Jeff Flake once said Donald Trump didn’t deserve to win the presidency. He later wrote the book, literally, on why Trump is destroying the GOP.
Now Flake holds the keys to a Supreme Court confirmation Trump prizes dearly — and could soon yank them away.
Flake is a charter member of the GOP’s anti-Trump caucus, one of only a few senators in the president’s party who freely tee off on the president’s handling of issues from trade to Russia, though they rarely actively undercut his agenda. Another member of that caucus, Sen. Bob Corker (R-Tenn.), also called on Sunday night for a delay in the Kavanaugh confirmation process.
But Flake, unlike Corker, sits on the Judiciary Committee. A “no” vote from him on the narrowly divided panel would force Republicans to bring Kavanaugh to the floor with a negative recommendation, or without a committee vote at all, in order to keep the nomination on track.
And also unlike Corker, Flake’s bad blood with the president runs deep: Trump all but ran the Arizonan out of the Senate by making a primary challenge from the right unavoidable, savaging him repeatedly on Twitter over the past two years as “very weak and ineffective” and “Flake(y).”
“I think it’s too soon to tell, but Flake is the one man with the leverage to do this,” GOP strategist and vocal Trump antagonist Rick Wilson said. “With the one-vote margin on the committee, Jeff Flake has the power to stop Kavanaugh, and to humiliate Trump. Revenge is a dish best served cold, as the philosopher once said.”
Flake made no mention of revenge on Sunday night when he spoke out in favor of a more public airing of the previously anonymous allegation against Kavanaugh, which Christine Blasey Ford stepped forward to share on Sunday. But the president’s past treatment of Flake, and the senator’s subsequent retirement, at the very least makes it easier for the Arizonan to cross Trump by using his Judiciary seat to apply the brakes on Kavanaugh’s confirmation.
How far Flake takes the issue, then, is the biggest question as Trump’s high court pick enters a make-or-break week. Judiciary Committee Chairman Chuck Grassley (R-Iowa) is already working to set up a time for senators to hear from Ford, as well as Kavanaugh one more time.
The 53-year-old appeals court judge has vocally denied Ford’s allegation, and the White House stood by its nominee on Sunday. But even if Flake ultimately backs Kavanaugh, two other Republican opponents would doom the nomination in a Senate divided 51-49. Sens. Susan Collins (R-Maine) and Lisa Murkowski (R-Maine), neither of whom sit on Judiciary, have yet to indicate how they will vote.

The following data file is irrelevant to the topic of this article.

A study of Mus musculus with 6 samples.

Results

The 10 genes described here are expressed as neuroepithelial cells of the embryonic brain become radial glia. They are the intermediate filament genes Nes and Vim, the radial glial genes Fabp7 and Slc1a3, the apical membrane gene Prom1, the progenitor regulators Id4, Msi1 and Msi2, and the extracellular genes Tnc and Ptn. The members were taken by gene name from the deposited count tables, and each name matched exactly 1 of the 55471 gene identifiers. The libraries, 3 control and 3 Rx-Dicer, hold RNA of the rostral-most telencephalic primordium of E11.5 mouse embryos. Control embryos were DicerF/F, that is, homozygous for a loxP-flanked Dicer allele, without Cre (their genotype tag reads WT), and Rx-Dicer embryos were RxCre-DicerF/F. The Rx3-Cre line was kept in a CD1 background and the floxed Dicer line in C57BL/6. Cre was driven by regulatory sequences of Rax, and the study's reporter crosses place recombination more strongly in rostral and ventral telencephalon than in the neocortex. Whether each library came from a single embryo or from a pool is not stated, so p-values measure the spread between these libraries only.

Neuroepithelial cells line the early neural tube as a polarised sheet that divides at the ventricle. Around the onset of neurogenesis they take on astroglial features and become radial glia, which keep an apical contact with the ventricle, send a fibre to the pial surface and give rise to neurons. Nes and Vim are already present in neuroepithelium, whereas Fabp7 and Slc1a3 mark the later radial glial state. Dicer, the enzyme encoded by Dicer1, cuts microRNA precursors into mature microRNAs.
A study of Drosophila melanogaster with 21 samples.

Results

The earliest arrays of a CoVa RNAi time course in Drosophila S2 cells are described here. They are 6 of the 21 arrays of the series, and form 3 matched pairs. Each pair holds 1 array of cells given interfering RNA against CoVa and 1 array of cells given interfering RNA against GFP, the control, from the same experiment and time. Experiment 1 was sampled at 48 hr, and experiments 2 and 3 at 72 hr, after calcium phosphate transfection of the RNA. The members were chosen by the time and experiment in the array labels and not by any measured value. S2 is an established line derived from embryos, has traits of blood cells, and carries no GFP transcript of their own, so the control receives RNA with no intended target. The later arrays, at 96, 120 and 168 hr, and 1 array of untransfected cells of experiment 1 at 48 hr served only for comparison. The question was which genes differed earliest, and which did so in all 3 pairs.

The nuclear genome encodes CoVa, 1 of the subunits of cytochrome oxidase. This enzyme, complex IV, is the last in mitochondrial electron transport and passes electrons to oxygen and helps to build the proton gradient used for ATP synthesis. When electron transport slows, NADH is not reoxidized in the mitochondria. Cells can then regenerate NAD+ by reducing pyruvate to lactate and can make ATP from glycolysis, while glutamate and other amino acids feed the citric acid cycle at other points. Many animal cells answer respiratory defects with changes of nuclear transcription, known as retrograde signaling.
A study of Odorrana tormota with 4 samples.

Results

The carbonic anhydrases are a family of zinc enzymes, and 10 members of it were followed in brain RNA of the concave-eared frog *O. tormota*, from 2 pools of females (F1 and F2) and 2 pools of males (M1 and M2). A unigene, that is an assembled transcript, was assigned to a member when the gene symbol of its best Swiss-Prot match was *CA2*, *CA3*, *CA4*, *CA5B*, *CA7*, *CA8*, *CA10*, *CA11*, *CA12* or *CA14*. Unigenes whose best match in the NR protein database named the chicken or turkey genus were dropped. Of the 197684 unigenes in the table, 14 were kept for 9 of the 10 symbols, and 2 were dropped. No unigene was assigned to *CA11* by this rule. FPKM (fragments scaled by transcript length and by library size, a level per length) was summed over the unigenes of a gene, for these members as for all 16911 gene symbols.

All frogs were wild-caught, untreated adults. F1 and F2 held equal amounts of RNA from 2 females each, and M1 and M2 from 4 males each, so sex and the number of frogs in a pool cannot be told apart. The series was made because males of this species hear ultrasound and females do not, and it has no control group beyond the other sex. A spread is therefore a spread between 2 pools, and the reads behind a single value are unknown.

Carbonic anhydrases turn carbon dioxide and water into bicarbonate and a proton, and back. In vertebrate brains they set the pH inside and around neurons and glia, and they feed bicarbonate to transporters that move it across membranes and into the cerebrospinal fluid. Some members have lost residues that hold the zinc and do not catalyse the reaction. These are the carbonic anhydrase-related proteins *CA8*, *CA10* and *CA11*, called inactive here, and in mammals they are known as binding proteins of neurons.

“We need to hear from her,” Flake told POLITICO Sunday, referring to Ford. “And I don’t think I’m alone in this.”
Flake isn’t the GOP anti-Trump caucus’ only member on Judiciary: Sen. Ben Sasse (R-Neb.) also has rapped the president repeatedly since Trump took office. But Sasse has said nothing publicly since the sexual assault allegation emerged and his spokesman had no comment on the matter Sunday night.
Before Trump’s election in 2016, Flake also battled conservatives in his own party over the fate of a Supreme Court seat that Majority Leader Mitch McConnell (R-Ky.) held open until after voters went to the polls. While Texas Sen. Ted Cruz urged fellow Republicans to hold the spot open for even longer if Hillary Clinton won the presidency, Flake said then that if Clinton prevailed “I will be actively trying to round up votes” for taking up Merrick Garland’s nomination.
In 2016, Flake used his introduction to Trump — then the presidential nominee-in-waiting of their party — to ding the New Yorker for dismissing the heroism of Sen. John McCain (R-Ariz.), a close friend and mentor of Flake. Flake introduced himself to Trump, according to reports at the time, as the senator from Arizona who “didn’t get captured” — a dig at Trump’s remark that he liked “people who weren’t captured,” diminishing McCain’s service as a prisoner of war.
After Trump took office, Flake raised some hackles within his party by billing his book, Conscience of a Conservative, as an open rebuttal to the president’s politics. Flake also has delivered multiple floor speeches criticizing Trump’s bellicose and truth-averse tendencies, warning in January that Trump is “charting a very dangerous path.”
Flake had yet to announce his vote on Kavanaugh before the emergence of Ford’s sexual assault allegation, which dates back to when she and the judge were in high school. During his questioning of the nominee during his marathon confirmation hearing, Flake tried to get Kavanaugh to weigh in on Trump’s harsh criticism of Attorney General Jeff Sessions for allowing the Justice Department to pursue indictments of two GOP House members.
“Should a president be able to use his authority to pressure executive or independent agencies to carry out directives for purely political purposes?” Flake asked Kavanaugh.
The nominee demurred, saying that “I don’t think we want judges commenting on the latest political controversy” lest their independence be questioned.
Flake rephrased the question, to which Kavanaugh said that “I respectfully decline” to address “current events or politics.”
Burgess Everett contributed to this report.